Due to the confined and congested living conditions, Malawi’s prisons are often a fertile ground for TB infection. Prison authorities and medical staff are keen to find solutions.
Zomba Central Prison was built in 1923 and serves as the only maximum security prison in the country. The building itself has fallen into disrepair with a leaking roof and cracked cement floors. However, the biggest challenge is overcrowding as the prison houses more than 2,000 inmates in a facility originally built for only a few hundred. The health clinic for the prison serves both inmates and staff alike but critical patients are sent to the nearby Zomba Central Hospital. Despite the challenging working conditions, the Prison Clinic has managed to receive accreditation as a stand-alone testing and treatment site for prisoners with tuberculosis (TB).
James Jenda works at the Prison Clinic as a lab technician and deals with TB cases. On a typical day, James dons a white lab coat over his military attire and perches on his stool with eyes glued to a microscope.
“Since our Clinic became a stand-alone site, we have noted a decline in the number of TB cases,” states James proudly. “This is a great feat for such a resource-constrained institution.”
With support from the U.S. Agency for International Development (USAID) in 2014, Dignitas organized a training on the use of state-of-the-art iLED microscopes and then donated a microscope to the Prison Clinic.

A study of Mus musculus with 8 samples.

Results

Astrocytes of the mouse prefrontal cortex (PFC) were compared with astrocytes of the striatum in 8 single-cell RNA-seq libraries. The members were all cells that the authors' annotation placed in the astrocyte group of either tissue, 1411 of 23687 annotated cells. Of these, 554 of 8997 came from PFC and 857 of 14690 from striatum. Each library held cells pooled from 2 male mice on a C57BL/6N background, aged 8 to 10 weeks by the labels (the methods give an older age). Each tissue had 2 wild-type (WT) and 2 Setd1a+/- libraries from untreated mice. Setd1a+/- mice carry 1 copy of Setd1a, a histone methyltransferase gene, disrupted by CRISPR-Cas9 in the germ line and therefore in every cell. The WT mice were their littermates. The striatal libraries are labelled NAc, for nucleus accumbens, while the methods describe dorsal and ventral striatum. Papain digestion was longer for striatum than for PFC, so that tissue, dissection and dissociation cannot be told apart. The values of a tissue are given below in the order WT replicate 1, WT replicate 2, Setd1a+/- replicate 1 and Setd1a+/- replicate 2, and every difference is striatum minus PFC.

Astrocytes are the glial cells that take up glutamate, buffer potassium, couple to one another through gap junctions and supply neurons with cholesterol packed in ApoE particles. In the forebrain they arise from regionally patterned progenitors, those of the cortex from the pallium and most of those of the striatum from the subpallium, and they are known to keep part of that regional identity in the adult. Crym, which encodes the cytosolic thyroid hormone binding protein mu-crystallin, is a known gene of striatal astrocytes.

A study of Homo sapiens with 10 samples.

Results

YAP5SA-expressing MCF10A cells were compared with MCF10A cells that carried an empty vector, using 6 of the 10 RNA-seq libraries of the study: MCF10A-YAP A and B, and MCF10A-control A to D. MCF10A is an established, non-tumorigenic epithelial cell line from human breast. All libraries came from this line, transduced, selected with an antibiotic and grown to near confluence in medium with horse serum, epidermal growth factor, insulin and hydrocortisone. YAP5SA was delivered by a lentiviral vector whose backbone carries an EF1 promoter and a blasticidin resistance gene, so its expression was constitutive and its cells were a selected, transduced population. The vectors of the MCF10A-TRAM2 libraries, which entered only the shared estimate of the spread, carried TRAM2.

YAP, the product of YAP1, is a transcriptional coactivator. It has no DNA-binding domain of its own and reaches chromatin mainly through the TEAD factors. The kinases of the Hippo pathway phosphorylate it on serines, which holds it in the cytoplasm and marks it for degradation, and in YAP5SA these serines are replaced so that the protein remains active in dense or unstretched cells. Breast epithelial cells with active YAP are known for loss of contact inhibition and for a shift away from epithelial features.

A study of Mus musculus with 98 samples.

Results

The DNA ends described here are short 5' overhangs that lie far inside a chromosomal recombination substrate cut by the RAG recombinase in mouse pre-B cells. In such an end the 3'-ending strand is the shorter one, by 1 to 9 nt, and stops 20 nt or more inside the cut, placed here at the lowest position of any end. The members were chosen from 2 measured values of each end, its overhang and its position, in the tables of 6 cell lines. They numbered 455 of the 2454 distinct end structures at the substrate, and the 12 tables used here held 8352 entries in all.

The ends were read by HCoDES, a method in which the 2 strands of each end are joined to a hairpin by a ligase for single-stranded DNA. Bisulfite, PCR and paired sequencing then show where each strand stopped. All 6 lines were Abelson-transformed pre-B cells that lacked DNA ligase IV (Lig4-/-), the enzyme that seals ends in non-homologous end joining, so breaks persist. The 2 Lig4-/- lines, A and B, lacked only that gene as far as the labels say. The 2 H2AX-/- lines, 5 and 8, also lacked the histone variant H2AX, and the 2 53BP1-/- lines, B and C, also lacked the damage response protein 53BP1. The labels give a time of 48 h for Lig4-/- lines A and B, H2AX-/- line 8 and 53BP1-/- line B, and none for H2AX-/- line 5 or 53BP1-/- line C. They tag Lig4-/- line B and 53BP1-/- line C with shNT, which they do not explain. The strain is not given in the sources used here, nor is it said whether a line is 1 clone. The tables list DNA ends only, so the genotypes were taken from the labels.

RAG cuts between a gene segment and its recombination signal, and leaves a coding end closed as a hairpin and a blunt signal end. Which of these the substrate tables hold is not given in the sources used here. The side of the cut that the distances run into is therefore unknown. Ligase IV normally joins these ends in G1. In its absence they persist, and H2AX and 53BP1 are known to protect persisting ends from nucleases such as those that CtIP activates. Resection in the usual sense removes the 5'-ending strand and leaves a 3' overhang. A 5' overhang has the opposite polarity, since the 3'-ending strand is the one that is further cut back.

James benefitted from the training and eagerly points out, “This is a 2-in-1 microscope. It can work as a standard microscope but it also makes use of iLED technology. The time required and the size of the sample needed to identify TB cases has been significantly reduced. With the battery pack, it can work even when there is no electricity.” James is already training three more prison staff to work in the TB lab.
Next month, the prison medical team is organizing a large scale TB screening where they expect to test and treat nearly 400 inmates. Apart from supporting TB care, Dignitas has also hired two full-time dedicated clinicians to work at the Prison Clinic so that patients don’t have to wait to receive timely treatment and care.
“Left! Right! Left! Right!” shouts the Parade Commander. Liddy Kitalo thumps her steel toe boots on the concrete floor. In 2002, Liddy graduated from the Mpanga Prison Training School in Blantyre at the age of 19. Since then, she has worked her way up from prison warden to prison patient attendant. Today, she is assigned as the escort for prisoners that have to be transferred to the hospital. Liddy has begun upgrading her education and wants to become a health care worker. She loves serving the prisoners was one of three prison employees who expressed interest in joining the next microscope training. She aspires to be a laboratory technician, pharmacist or radiographer one day.
James serves Liddy’s mentor and is pleased that the staff are enthusiastic about being trained so that the prison can deliver quality medical care.
“Our ultimate aim is to create an environment where we can heal others,” shares James.